Standing firm

Week beginning: 17th February, 2019 | By James Crabtree | St. Albans

So Ahab spoke to Naboth, saying, "Give me your vineyard, that I may have it for a vegetable garden, because it is near, next to my house; and for it I will give you a vineyard better than it. Or, if it seems good to you, I will give you its worth in money."
But Naboth said to Ahab, "The LORD forbid that I should give the inheritance of my fathers to you!"

1 Kings 21:2-3 (NKJV)

The Old Testament emphasis on the land as God's faithful provision for his covenant people underlies this memorable example of steadfastness and courage in the face of an enticing bargain, which offered a choice of favourable terms many would have accepted without resistance. However, for Naboth, the terms on offer entailed more than just the disposal of fruitful terrain. They called for what would have been the abandonment of an inheritance which was spiritual, as well as physical, signifying God's covenantal relationship with his redeemed people across the generations.

Throughout our lives as Christians, we are regularly tempted to concede ground or compromise, whether on matters of revealed truth, or moral conduct and sometimes for personal advantage. History is rich with examples of those who have stood firm, rejecting worldly gain rather than relinquishing the covenant blessings which belong to God's people and derive from Him alone. For some, standing firm has meant facing persistent challenges, or even persecution. For Naboth, his forthright, openly declared allegiance to the divinely ordained land inheritance cost him his life.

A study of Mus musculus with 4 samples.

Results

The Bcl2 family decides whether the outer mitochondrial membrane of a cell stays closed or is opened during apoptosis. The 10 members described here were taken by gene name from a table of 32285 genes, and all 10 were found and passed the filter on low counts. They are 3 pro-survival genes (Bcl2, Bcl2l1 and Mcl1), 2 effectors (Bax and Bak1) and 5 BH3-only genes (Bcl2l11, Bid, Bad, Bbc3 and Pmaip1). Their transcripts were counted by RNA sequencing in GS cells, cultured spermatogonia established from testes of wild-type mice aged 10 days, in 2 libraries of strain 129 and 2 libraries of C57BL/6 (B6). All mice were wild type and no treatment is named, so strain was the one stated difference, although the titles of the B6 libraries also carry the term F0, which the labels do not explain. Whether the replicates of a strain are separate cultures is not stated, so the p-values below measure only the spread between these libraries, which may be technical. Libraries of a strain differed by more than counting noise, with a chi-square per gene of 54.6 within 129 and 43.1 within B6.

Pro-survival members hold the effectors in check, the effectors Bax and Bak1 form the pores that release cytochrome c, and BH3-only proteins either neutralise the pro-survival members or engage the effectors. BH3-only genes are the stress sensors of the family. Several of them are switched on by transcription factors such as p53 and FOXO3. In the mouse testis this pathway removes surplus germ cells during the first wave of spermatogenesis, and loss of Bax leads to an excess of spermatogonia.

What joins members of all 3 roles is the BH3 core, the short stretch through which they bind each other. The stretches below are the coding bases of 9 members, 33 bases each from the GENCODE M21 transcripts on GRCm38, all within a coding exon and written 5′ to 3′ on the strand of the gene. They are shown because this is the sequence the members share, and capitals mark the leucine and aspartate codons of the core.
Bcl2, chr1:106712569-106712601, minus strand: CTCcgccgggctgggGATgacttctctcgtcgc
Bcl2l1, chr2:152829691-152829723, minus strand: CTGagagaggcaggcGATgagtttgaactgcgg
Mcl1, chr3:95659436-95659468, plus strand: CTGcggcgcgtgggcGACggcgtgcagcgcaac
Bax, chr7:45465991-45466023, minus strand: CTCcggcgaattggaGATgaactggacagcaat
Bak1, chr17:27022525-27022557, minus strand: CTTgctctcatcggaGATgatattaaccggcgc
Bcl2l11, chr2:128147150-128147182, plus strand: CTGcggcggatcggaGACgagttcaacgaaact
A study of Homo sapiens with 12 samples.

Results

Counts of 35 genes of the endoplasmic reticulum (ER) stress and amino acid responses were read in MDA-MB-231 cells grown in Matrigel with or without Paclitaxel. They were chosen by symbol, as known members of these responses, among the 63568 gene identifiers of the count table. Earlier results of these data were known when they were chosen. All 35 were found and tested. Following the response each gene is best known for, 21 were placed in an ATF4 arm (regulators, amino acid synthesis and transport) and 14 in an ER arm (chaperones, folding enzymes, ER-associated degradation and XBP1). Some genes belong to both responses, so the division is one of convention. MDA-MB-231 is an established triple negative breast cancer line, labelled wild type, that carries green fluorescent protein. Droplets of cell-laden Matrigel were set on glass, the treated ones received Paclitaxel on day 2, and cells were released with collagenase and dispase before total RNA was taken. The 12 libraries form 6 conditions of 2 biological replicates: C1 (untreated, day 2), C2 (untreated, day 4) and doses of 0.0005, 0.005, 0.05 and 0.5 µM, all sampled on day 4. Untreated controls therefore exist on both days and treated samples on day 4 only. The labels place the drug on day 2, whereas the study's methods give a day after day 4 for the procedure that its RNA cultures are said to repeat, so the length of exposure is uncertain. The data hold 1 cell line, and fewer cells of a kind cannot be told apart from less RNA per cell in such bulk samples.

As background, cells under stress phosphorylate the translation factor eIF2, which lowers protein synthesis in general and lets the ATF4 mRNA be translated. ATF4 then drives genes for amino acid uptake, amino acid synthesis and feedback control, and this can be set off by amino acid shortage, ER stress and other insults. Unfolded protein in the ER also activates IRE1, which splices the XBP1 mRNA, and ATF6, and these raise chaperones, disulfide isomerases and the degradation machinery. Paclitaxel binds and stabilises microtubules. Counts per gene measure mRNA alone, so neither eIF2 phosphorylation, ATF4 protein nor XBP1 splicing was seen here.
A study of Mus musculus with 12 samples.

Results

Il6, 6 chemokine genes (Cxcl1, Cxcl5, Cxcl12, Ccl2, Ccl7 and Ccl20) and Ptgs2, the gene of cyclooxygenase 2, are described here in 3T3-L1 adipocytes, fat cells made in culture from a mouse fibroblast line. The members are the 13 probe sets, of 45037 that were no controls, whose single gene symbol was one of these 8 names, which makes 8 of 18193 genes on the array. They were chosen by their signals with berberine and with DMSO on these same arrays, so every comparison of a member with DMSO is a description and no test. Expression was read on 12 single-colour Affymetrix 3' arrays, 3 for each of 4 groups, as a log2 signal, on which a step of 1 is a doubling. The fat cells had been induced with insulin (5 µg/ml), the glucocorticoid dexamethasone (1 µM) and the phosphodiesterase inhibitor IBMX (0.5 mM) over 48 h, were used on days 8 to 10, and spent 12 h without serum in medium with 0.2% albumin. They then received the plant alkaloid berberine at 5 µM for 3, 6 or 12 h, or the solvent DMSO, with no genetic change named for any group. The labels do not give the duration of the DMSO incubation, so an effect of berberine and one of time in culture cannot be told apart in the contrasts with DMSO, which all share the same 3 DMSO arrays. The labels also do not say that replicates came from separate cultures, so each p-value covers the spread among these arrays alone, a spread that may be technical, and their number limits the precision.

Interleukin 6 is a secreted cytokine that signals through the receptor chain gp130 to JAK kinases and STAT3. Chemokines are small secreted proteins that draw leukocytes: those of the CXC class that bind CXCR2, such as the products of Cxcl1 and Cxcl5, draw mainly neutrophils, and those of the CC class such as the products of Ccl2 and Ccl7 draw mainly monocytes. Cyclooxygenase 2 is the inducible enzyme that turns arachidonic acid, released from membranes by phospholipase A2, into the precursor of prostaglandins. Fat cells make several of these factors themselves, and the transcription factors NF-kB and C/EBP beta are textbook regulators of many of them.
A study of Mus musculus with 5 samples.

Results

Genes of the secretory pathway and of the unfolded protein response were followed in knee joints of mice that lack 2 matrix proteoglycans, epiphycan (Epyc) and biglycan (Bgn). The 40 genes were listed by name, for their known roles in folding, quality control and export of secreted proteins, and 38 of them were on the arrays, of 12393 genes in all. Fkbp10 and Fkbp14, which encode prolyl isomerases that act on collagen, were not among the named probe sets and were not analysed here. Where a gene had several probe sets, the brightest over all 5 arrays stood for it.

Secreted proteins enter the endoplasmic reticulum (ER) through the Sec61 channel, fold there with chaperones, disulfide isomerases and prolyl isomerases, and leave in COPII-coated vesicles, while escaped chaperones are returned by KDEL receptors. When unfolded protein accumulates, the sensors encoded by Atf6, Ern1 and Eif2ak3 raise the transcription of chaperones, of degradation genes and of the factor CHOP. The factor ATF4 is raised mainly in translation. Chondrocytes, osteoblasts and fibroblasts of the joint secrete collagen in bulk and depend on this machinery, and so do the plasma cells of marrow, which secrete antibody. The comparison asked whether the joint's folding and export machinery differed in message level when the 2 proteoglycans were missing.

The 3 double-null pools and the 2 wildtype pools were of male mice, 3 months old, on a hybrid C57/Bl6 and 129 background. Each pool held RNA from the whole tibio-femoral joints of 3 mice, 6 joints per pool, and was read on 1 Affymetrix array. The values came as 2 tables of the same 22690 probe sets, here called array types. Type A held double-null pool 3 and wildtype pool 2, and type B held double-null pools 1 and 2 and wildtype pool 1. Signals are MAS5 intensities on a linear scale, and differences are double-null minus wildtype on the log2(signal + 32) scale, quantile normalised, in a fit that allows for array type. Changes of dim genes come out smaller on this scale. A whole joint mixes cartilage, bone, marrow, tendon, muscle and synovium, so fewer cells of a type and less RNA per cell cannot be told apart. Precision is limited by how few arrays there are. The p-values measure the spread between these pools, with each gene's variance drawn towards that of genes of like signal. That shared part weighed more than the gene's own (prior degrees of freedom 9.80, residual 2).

While this week is unlikely to present dilemmas where death is a possible consequence of standing firm as a Christian, the lesser challenges of daily legal practice often embody the risk of sinful compromise. Our frailty is such that, like Naboth, we should be ever mindful of our dependence on God's provision and of the great spiritual inheritance guaranteed by God's everlasting faithfulness to His people.

Prayer Points:

1. That we would be invigorated by Naboth's example to stand firm, with courage, when confronted by spiritual and moral challenges.
2. That the Lord will use our obedience in the face of such challenges to achieve His purposes (whether or not they are made clear to us).
3. That when standing firm, we will have the courage to tell others where we stand and why.